In 2018 more scientists are running for office than ever before, and both Republicans and Democrats are here for it. A new national poll reveals a bipartisan majority of American voters prefer candidates with scientific backgrounds.
Right now, scientists in Congress are virtually nonexistent, with the vast majority of policymakers holding a degree in law. But findings from the pro-science organization 314 Action reveal most Americans want this to change.
The survey, which was released this week, asked those likely to vote in 2018 a series of questions about the role of science in government. Of those surveyed, 72 percent said they are much more likely or more likely to vote for a candidate who has a scientific background and who supports evidence-based decision making.
The findings suggest Americans are unhappy with the current uniformity of Congress. In a hypothetical race of just two candidates, for instance, 51 percent said they would rather vote for a scientist than a lawyer, and the same percentage said they would rather vote for a scientist than a longtime politician.
Strangely enough, this is an issue the majority of Republicans and Democrats can agree on. The survey found 55 percent of Trump voters said they were much more or somewhat more likely to vote for a candidate with a scientific background, and 82 percent of Democrats said the same.
While the survey doesn't explicitly answer why so many Americans want more scientists in government, it does offer some clues. For instance, the survey reveals most Americans are worried by the Trump administration's unprecedented actions to replace scientists with industry allies, censor scientific data, restrict research findings, and slash research programs.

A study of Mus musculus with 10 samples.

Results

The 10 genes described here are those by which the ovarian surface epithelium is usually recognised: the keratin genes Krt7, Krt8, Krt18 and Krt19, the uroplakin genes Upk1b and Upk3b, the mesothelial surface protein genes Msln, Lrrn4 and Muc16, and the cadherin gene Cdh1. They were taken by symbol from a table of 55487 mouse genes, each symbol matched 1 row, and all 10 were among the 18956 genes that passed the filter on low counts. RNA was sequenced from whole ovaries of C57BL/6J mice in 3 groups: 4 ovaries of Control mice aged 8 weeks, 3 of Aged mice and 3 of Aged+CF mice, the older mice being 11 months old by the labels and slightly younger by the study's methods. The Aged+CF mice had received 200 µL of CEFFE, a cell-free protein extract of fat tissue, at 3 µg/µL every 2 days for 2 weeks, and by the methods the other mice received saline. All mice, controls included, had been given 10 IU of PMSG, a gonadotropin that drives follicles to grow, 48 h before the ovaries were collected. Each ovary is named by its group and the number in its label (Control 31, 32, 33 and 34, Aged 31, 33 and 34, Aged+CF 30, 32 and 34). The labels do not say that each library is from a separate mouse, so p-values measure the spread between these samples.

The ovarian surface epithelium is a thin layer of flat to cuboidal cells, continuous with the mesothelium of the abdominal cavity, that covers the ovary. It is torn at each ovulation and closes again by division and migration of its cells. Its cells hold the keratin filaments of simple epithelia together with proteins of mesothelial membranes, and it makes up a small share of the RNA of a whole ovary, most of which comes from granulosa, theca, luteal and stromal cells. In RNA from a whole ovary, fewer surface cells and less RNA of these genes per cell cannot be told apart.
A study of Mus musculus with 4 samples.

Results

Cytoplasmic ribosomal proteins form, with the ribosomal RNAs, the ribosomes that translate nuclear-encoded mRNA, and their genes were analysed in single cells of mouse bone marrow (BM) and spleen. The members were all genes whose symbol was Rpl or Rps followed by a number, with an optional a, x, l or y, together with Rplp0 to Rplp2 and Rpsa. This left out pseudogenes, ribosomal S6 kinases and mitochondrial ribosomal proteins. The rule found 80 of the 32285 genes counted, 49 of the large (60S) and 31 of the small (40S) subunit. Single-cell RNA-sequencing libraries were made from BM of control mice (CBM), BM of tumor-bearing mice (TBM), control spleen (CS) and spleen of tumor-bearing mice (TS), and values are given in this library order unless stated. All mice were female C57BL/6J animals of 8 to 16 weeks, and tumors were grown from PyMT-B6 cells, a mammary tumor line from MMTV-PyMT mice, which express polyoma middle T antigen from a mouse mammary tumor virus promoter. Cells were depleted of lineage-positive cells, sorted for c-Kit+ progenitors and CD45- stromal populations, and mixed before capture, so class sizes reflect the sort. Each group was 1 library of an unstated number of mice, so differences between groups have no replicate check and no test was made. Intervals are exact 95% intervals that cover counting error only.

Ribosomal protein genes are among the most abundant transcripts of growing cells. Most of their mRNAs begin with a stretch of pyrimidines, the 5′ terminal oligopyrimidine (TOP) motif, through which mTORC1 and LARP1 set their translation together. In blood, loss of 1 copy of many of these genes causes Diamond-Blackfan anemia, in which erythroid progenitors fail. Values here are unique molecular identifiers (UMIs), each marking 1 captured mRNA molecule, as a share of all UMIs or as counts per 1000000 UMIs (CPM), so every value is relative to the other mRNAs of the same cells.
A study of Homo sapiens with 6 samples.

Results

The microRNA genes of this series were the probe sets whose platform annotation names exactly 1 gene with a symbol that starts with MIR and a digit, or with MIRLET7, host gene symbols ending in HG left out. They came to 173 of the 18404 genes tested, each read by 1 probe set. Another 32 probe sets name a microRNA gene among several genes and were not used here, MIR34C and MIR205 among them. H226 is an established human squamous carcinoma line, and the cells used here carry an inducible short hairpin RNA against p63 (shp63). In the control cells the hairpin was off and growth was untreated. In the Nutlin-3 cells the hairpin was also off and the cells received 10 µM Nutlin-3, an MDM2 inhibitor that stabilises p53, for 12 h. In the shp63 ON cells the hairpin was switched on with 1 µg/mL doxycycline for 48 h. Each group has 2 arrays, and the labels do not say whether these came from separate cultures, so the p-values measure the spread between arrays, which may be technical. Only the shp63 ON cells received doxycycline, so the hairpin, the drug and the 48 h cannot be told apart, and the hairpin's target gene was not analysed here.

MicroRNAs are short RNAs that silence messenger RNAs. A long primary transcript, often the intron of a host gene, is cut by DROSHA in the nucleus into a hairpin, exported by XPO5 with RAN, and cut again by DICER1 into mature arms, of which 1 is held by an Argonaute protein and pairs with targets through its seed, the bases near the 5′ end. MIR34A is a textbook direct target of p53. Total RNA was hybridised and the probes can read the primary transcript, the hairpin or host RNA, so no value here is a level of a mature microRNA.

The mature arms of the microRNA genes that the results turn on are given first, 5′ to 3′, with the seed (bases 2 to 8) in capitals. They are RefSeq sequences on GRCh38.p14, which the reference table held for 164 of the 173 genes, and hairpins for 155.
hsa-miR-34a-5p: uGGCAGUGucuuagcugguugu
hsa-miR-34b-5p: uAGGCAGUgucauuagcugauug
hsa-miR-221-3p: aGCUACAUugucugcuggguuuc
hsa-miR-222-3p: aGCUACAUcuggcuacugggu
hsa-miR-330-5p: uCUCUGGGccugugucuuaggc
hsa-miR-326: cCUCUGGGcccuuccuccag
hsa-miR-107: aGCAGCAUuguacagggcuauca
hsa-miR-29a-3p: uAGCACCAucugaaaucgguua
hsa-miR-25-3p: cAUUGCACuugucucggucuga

That anxiety isn't just confined to Democrats, either. In the poll, 54 percent said they had serious concerns with the way President Trump and Republicans are handling the science - a surprising majority considering 40 percent of those surveyed voted for Trump.
"With more than two-thirds of voters expressing concern about the assaults on science from President Trump and his GOP allies in Congress, it is more clear than ever that voters are ready to vote for fact-based governing," said Executive Director of 314 Action Joshua Morrow in a statement.
By and large, Americans have confidence in scientists and the scientific method. When asked who voters trust the most to make policy decisions on issues such as health care, environmental standards and climate change, 65 percent said they trusted scientists over religious leaders and business interests.
It appears most Americans want a scientist's dispassionate review of data and facts involved in policymaking. In fact, the majority polled said they agree scientists should play a major role in shaping policy for medical and health research (64 percent), for the environment (59 percent) and for America's energy needs (55 percent).
The results are supported by a 2016 survey from Research!America and ScienceDebate.org that found an overwhelming majority of Americans want candidates for both President and Congress to have a basic understanding of the science informing public policy issues, including 92 percent of Democrats and 90 percent of Republicans.
"Evidence from science is the great equalizer in a democracy," said Shawn Otto, chair of ScienceDebate.org.
"We are living in a new age when science affects every aspect of public policy, and voters want candidates to give science issues like climate change, healthcare, GMO foods, and jobs in the new tech economy a higher priority."
So maybe we should start listening to scientists.